5 Questions with … Savannah Jones
by Ryan Clark
CHS Director of Communications
Savannah Jones knew she wanted a career in health care ever since she was a child.
Her mother, who suffered from diabetes and chronic obstructive pulmonary disease, required consistent medical care, and Savannah saw how those medical workers helped make her family’s world a little bit easier.
Now, Savannah is in her first year as a PA student. The 22-year-old Springfield, Ill., native is an HHS graduate, a former CHS student ambassador and a former undergraduate research assistant in the Center for Muscle Biology.
We catch up with her as she gets ready to celebrate her 23rd birthday, and we talk college, culture — and how her CHS family helped her through the worst tragedy of her life.
Here’s 5 questions with Savannah Jones:
SJ: I really had never heard of the University of Kentucky, honestly, at all, being from Illinois. But we had a recruiter from Kentucky that came to my high school, and the lady was just so nice. She was just talking about the basketball games and how everything was so fun. And I got really excited about it.
But I am a first-generation college student, so we had a lot of questions about everything and were just kind of confused with application stuff and scholarships.
But UK was so helpful. I mean, from every single person that we talked to — it was never an automated machine, and it was never hard to get an answer from somebody. They were always, ‘Oh, I don't know but I'm going to find this for you’ and so pleasant on the phone. And then, when we visited, everybody was so kind on campus. The students would help us out and kind of navigate us. The Southern hospitality was very evident.
SJ: I think UK people say it’s a family, and I definitely feel that from meeting people on campus, and the professors are very, very attentive to their students.
Every single professor I've had has been like, ‘I want you to know this information — not just memorize it. And whatever you need, I'm here for you.’ And in CHS, I had a lot of personal things going on, and the Dean and a lot of faculty members were my support system.
It was my sophomore year when I lost my mom, randomly. A heart attack. And it was incredibly hard, obviously. And there was just a lot of things I had to navigate personally. Like, I had to get new healthcare insurance and I had to know how to fill out all these papers — and I also had finals and stuff. It was super overwhelming. And I knew that I could go to all my advisors and professors and they would help me. They all knew what had happened. They were there at a time when I really needed them the most. Everybody is just there for you.
They were my family.
SJ: I always knew that I wanted to do medicine. My mom was sick when I was growing up, and she was in and out of the hospital. So I was always in the hospital with her and visiting and kind of around those health care professionals. But it wasn't until I got to the College of Health Sciences that I really understood what a PA was.
Just shadowing early, I figured out that I really liked PA, and I really liked the teamwork aspect of it. I also saw a lot of changes actually being made from the American Academy of Physician Assistants. They created a scholarship for black PA students, and they were having different podcasts and letting black PAs and black PA students feel heard and explain their stories.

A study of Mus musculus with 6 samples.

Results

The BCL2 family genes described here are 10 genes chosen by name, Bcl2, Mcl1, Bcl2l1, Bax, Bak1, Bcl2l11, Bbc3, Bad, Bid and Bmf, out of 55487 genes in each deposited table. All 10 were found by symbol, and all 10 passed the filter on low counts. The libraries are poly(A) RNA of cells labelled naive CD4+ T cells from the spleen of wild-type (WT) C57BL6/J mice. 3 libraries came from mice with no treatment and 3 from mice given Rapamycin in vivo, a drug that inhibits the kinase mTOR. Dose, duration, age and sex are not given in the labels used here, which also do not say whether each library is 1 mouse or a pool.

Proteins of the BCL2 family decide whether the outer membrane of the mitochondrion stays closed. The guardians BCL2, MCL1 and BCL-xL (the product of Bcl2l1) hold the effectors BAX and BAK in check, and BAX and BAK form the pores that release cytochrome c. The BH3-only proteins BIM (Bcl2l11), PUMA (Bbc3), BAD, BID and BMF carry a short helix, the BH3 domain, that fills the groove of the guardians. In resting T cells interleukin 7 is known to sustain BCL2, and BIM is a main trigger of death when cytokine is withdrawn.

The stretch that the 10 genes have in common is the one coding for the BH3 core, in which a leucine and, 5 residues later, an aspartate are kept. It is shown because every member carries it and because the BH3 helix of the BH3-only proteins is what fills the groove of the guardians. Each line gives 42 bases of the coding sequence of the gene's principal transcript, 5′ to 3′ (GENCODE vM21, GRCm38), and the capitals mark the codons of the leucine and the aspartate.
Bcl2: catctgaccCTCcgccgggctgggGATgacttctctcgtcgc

So I was seeing these actions being taken, and I wanted to be a part of that profession. I also noticed too, when shadowing, that none of the PAs were African-American. I think it's really important that our patients have providers that look like them, and we can all share our different experiences and cultural backgrounds.
SJ: A lot of things happened — like the George Floyd situation, and there’s still a lot of racial tension everywhere. So the Dean reached out to undergrad, grad and professional students throughout the College — he wanted to hear from us all. He asked, ‘What are you thinking about this? How do you think this college specifically can work on diversity initiatives?’ And he sat back and listened to us and we got to give our advice. I liked seeing that.
I think the Dean really tries to get a feel for the culture. People aren't just brushing it under the rug. They really want to look into hiring diverse faculty members. We want to continue to have these crucial conversations. My classes talk a lot about the differences between cultures and how health plays such a huge role. Getting to have these conversations and dialogue with each other is so beneficial. I think we’re doing some positive things.
SJ: I think it’s the people that I've met. And I love CHS because the classes were so small. You knew a lot of people. I think everybody in this program and everybody at UK is really genuine and kind. They just want to hear your story and your passions. And I love getting to have good conversations with faculty members, too. And our advisors!
Yeah. (laughs). I'd say the overall experience has been really, really good.
February is Black History Month
Since 1976 the United States and Canada have designated the month of February to recognize the contributions of people of the African diaspora. The College of Health Sciences will be recognizing and honoring some of our own Black alumni and students throughout the month – celebrating success while we also acknowledge both historical and current inequity and the work that each of us must do to dismantle systemic racism. We also hope members of our community will join with the MLK Center for events throughout the month.